Research indicates that consumers are particularly concerned about the safety of meat. More highly processed meat is perceived as more unsafe than fresh or natural meats, i.e., consumers trust processed meat less. This paper studies the relationship between perceived trust and day-to-day purchase behavior for meat, giving special attention to the degree of meat processing. Controlling for trust in food chain actors and demographic and socio-economic variables, actual meat purchases of Canadian households are linked to answers from a commissioned food attitudes survey completed by the same households. Expenditures for processed and total meat (but not for fresh meat) are significantly different by three levels of trust in the food industry. Consumer with the lowest trust levels consume less (especially of processed meat) compared to those with higher trust levels. However, in a multivariate setting, trust shows no effect on fresh or processed meat purchases with or without demographic and socio-economic control variables, suggesting that the impact of trust on meat purchases is only small. However, the low trusting consumer segment could potentially be a target for marketing strategies focused on reputation and quality to increase sales in this particular group.


  1. Based on Nielsen Market Track™ scanner data set, it is clear that most ground beef in Canada is sold as fresh random weight ground beef and makes up about C$ 367 million in expenditures or 61 million kg over the first 6 months of 2007 while packaged burgers represent about C$ 77 million or 11 million kg only.

  2. Economies of size imply that the time and costs to prepare an additional serving of a meal increase less than proportional or, in other words, the time and costs per serving decrease.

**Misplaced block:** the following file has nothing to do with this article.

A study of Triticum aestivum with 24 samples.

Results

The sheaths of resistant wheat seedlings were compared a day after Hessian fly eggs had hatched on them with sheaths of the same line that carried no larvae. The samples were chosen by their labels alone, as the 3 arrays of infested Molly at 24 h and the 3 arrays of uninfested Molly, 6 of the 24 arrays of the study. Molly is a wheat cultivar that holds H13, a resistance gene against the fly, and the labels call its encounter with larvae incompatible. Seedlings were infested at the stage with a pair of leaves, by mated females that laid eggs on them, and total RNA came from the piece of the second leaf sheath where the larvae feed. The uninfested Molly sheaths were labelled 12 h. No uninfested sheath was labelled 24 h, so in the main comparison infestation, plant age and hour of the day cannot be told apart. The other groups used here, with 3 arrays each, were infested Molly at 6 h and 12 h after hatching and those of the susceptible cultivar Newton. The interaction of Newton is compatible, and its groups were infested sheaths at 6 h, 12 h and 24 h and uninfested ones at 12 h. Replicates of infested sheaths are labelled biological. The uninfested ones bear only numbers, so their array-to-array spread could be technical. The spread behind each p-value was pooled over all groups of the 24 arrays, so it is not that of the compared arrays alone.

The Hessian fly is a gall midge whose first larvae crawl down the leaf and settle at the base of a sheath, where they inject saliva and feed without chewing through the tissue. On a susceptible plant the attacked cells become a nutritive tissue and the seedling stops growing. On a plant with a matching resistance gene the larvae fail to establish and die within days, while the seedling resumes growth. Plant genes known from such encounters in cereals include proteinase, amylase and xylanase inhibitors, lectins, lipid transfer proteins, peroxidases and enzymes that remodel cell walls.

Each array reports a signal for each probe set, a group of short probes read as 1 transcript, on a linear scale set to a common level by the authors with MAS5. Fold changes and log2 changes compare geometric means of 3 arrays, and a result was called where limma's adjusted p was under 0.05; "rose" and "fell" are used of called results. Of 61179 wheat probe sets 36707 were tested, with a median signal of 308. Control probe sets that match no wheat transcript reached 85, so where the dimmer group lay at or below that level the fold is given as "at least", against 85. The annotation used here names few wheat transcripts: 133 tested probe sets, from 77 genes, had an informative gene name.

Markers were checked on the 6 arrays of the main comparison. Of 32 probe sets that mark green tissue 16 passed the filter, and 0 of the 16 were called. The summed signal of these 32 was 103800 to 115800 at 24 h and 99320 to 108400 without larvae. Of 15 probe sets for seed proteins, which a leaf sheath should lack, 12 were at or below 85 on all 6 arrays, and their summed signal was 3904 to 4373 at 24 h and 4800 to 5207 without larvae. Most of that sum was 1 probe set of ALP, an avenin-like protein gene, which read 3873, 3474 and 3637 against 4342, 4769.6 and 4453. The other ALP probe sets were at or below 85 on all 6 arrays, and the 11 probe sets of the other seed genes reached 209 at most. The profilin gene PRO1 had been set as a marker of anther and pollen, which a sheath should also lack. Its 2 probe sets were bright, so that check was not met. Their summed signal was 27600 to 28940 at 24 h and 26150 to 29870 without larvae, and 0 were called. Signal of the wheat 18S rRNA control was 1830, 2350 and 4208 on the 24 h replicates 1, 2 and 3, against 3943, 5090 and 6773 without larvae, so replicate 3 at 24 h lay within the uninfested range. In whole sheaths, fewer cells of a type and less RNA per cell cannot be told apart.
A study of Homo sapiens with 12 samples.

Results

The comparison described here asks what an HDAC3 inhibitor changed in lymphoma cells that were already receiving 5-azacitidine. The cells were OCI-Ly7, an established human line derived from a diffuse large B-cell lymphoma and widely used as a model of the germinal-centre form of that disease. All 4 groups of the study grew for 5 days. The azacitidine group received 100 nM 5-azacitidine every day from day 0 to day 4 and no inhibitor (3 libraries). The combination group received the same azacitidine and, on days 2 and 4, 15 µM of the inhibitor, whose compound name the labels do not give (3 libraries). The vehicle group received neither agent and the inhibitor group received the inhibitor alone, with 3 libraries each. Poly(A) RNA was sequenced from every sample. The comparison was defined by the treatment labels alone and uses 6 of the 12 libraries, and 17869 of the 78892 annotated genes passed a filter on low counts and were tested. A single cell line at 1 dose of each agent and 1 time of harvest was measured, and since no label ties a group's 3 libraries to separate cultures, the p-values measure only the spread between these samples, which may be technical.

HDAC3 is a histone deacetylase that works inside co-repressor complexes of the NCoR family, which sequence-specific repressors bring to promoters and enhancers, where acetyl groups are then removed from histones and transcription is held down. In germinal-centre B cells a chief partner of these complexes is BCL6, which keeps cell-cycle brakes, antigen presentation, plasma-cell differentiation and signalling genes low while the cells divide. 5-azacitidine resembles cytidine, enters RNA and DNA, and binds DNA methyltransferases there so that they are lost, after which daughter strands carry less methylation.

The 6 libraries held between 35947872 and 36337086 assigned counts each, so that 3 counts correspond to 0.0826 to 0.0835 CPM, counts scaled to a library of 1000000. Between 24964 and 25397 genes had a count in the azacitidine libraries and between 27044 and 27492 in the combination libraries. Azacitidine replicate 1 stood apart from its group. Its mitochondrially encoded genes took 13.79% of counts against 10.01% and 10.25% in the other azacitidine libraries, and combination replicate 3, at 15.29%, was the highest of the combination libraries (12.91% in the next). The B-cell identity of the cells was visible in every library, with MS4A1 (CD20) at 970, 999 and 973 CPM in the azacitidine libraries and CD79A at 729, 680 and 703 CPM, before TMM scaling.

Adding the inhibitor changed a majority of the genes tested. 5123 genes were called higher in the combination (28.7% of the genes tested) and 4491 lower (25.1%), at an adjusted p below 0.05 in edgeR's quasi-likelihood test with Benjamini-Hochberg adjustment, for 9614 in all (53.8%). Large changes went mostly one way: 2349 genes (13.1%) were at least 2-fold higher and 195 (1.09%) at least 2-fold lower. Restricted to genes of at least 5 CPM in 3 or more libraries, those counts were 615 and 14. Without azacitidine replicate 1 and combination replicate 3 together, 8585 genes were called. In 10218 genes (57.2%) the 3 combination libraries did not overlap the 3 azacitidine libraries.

3. Looking at the 230 participants with no meat purchases, 26.58 % belong to the low-trust segment; 43.24 % have medium trust and 30.18 % of the non-meat purchasers have high trust. So it seems that the reason for no meat purchases is not related to trust and those households are excluded from the analysis.

  4. Meat expenditures is, as the first-stage equation, regressed on household’s total income and demographic characteristics. Results are available upon request. Subsequently, the variable meat expenditures enters the two second-stage equations as endogenous variable. The two second-stage functions have been estimated as a system of demand functions. Furthermore, standard adding-up restrictions have been imposed before estimation. Following economic theory, the sum of the coefficients attached to expenditure should add up to unity and the sum of all other coefficients should add up to zero across the two equations.

  5. Results of semi-log Engel function as well as two-step Heckman estimations are available upon request.

  6. Approximately 4 % of the Canadian population is vegetarian (American Dietitians Association, Dietitians of Canada 2003). About 5.6 % of our overall sample did not purchase any meat (n = 230).


Financial support from the Alberta Prion Research Institute and the Alberta Livestock Industry Development Fund is gratefully acknowledged. We thank participants of the Consumer and Market Demand-Agricultural Policy Research Network meeting in Ottawa.